Why is Yingluck not going to Washington?

opinion September 23, 2013 00:00

By Kavi Chongkittavorn


Unfortunately, she has not yet visited Washington – the ultimate trip. In fact, she might not be able to make it granted the current state of Thai politics and the mess she is currently entangled in.
Unless Thai-US relations get a quick fix from their top leaders, Yingluck’s US trip is not in the pipeline. Some explanations for this are:
First, Thailand is no longer the only ally the US has to court, as in the past. The Thai establishment, especially the military, still acts pretty much without realising that a Thai-US alliance exists on paper only. The US has new friends, who behave and act like more than allies, willing to cooperate and enter into strategic arrangements without fear. Myanmar and Vietnam are two good examples. They are new US strategic partners. Their diplomats to Washington meet US officials more often than do the Thais, whose ambassadors keep changing.
Second, sad but true, there is simply no value-added to having Yingluck visit Washington now or in the future. Besides photo opportunities, there are no outstanding issues to take up. If there is any serious issue, such as the expanded use of U-tapao, a Royal Thai Navy airfield, it has been politicised and long undermined on the ground already. 
The Thai government has been pressing the US Embassy in Bangkok for an official invitation for quite some time. It is not coming any time soon. For now, bilateral meetings are possible among the corridors of major meetings at the UN General Assembly, Asia-Pacific Economic Cooperation, East Asia Summit and the Asean-US Summit. Leaders from Myanmar and Vietnam did not take long to secure White House invitations, because they were important to the US re-balancing effort. Their leaders are smarter; just read their joint statements and compare them to the one in November that Yingluck and Obama produced when he dropped by for 16 hours. The differences are stark.
Third, Thailand still has two prime ministers. Policy-makers in Washington are perplexed and at times confused. Being the world’s first prime minister by Skype living in exile, Thaksin has made the rounds of the Beltway and around the world as the virtual Thai prime minister. After all, he controls his sister’s agenda. Whenever she displays a bit of her political or diplomatic finesse, her brother will tweet to tell the world he is still in charge. The visa-free agreement between Montenegro and Thailand was a case in point following’s Thaksin personal agenda. Who is travelling to Montenegro these days, if ever? Only Thaksin’s cronies and cohorts.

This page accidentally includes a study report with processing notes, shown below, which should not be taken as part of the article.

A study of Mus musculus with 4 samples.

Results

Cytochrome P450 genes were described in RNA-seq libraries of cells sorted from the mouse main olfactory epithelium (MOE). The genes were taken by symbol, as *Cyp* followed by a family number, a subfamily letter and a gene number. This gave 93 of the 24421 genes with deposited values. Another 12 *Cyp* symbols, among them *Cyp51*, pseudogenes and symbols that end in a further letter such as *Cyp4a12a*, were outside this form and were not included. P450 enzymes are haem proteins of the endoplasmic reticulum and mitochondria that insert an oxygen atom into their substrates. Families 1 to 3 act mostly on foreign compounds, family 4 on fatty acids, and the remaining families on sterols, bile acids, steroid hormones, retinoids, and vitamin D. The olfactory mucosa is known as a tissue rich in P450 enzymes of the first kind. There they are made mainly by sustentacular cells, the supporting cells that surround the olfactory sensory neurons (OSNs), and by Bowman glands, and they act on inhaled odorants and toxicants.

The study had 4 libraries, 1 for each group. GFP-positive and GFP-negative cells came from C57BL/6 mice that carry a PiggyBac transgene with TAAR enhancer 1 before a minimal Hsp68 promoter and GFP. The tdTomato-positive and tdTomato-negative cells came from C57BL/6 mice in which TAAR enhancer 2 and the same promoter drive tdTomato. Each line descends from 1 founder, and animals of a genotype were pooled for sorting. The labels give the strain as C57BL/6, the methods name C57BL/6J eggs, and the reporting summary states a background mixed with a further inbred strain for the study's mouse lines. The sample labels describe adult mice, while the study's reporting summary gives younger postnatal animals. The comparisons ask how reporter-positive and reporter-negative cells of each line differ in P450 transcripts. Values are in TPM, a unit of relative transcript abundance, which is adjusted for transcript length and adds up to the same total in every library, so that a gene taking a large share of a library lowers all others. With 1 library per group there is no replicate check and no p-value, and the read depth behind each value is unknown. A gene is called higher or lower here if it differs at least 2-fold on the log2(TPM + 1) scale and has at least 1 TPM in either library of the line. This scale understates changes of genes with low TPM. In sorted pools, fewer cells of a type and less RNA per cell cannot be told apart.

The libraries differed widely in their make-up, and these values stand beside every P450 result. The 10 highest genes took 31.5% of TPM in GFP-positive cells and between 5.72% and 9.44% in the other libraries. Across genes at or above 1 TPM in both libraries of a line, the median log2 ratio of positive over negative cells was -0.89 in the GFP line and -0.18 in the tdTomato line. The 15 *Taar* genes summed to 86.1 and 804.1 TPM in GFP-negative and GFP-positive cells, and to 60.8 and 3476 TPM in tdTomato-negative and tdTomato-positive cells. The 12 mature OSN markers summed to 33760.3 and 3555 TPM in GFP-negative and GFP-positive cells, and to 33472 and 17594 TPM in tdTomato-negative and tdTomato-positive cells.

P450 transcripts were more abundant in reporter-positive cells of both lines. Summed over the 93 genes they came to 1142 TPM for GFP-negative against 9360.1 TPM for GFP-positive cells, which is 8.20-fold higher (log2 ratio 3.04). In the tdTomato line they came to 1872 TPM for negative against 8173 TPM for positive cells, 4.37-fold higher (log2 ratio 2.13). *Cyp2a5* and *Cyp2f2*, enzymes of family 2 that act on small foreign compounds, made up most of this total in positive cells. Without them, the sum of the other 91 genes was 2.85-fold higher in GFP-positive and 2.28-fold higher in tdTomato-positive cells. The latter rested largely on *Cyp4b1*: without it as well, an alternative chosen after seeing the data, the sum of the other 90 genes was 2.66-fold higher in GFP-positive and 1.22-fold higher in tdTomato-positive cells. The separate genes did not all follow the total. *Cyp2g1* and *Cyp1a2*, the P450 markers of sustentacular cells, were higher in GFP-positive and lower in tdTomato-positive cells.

No wonder the Yingluck government came out with a strong statement last week to support the US-Russia agreement to get rid of Syria’s chemical weapons. Washington is pleased with Bangkok’s first and strongest-ever endorsement of the UN in nearly 15 years. It was hoped the action would help secure Yingluck’s invitation.
Fourth, since 2006, no Thai leaders have made an official visit to the US. It does not augur well for the 180-year-old friendship. A visit by her would be great to mark the occasion. That is still not sufficient to send an invitation. Over half the Asean leaders have visited the White House (Singapore, Brunei, Malaysia, Philippines, Vietnam and Myanmar) to meet with US President Barack Obama. At the moment, the only reminder that the two countries are old buddies are photos of HM the King’s visit to the US in the 1960s, which is the longest-lasting symbol of Thai-US ties. They adorn any US-Thai joint exhibition abroad and at home.
Fifth, truth be told, the Thai-US alliance is under-utilised. Almost all countries in the region have made adjustments following the policy of re-balancing in Asia announced in November 2011. The Thai military is still groping in the dark as to what exactly they want out of their stalled alliance. The long-standing two-plus-two framework comprising the joint meeting between officials of the Defence and Foreign ministries has not yet been carried out. Without any long-term strategic planning, the region’s oldest ally would remain irrelevant. As it turns out, the much-heralded annual Thai-US military exercise, Cobra Gold, benefits the US and invited US partners more than the Thais, who have repeatedly failed to take advantage of this unique exercise for the past three decades.